From 13 July to 7 August 2010, Lingua Franca, the first new play from Peter Nichols in ten years, receives its world premiere. Nichols, now aged 82, is the author of modern classics including  A Day in The Death of Joe Egg, Passion Play, Forget Me Not Lane, The National Health and Privates on Parade.

Lingua Franca follows innocent abroad, Steven Flowers, as he travels from National Service in South-East Asia to 1950’s Florence. He soon finds himself working for a chaotically-run language school, together with a cosmopolitan muddle of seven foreign misfits killing their post-war nihilism in the cafés of Florence, the cradle of Renaissance high culture.

Based around a leading character in Nichols’ acclaimed Privates on Parade, and inspired by his own experiences, the play is billed as a “fast-paced, sexually-charged story, and both a damning indictment and a celebration of sexual freedom”.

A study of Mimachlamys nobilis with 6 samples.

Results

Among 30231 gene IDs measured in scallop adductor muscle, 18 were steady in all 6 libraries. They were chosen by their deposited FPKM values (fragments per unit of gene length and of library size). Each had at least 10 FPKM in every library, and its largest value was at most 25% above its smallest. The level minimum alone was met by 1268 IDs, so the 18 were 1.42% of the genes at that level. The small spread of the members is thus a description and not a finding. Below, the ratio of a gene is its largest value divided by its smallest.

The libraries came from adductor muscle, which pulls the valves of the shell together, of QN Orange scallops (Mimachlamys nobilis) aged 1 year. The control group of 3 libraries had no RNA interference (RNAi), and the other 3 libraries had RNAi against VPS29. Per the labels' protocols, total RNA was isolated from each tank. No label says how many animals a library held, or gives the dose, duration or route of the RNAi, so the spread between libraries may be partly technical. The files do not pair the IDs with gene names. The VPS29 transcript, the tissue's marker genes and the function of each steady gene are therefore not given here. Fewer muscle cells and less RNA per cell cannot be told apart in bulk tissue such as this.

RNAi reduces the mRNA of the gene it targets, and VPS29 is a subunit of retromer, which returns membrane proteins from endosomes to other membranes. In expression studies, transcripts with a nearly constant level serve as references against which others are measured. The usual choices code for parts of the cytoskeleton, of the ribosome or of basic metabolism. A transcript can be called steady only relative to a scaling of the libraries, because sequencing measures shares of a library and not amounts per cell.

It will play concurrently with the first London revival in fifty years of JM Barrie's 1908 comedy What Every Woman Knows, in celebration of the 150th anniversary of the Peter Pan author's birth.

The Nichols/Barrie productions are preceded, from 22 June until 11 July 2010, by the world premiere of Miss Lilly Gets Boned or The Loss of All Elephant Elders, a “wild exploration of love, courage, family, sex and religion” from the Finborough's playwright-in-residence Bekah Brunstetter.

The season culminates in August with two works from contemporary North American dramatists. The London premiere of The Drawer Boy by Canada’s Michael Healey plays from 10 August to 4 September 2010, and running concurrently on Sundays and Mondays (15-30 August) is the European premiere of the Pulitzer Prize nominated drama, In the Blood by Suzan-Lori Parks (TopDog/UnderDog), the first African-American woman ever to win a Pulitzer Prize.

The Finborough is currently staging its Vibrant 2010 Festival, premiering 30 works by writers the venue has nutured over the years including Naomi Wallace, Brian Logan, Nicholas de Jongh, Mark Ravenhill, Mike Bartlett and Laura Wade.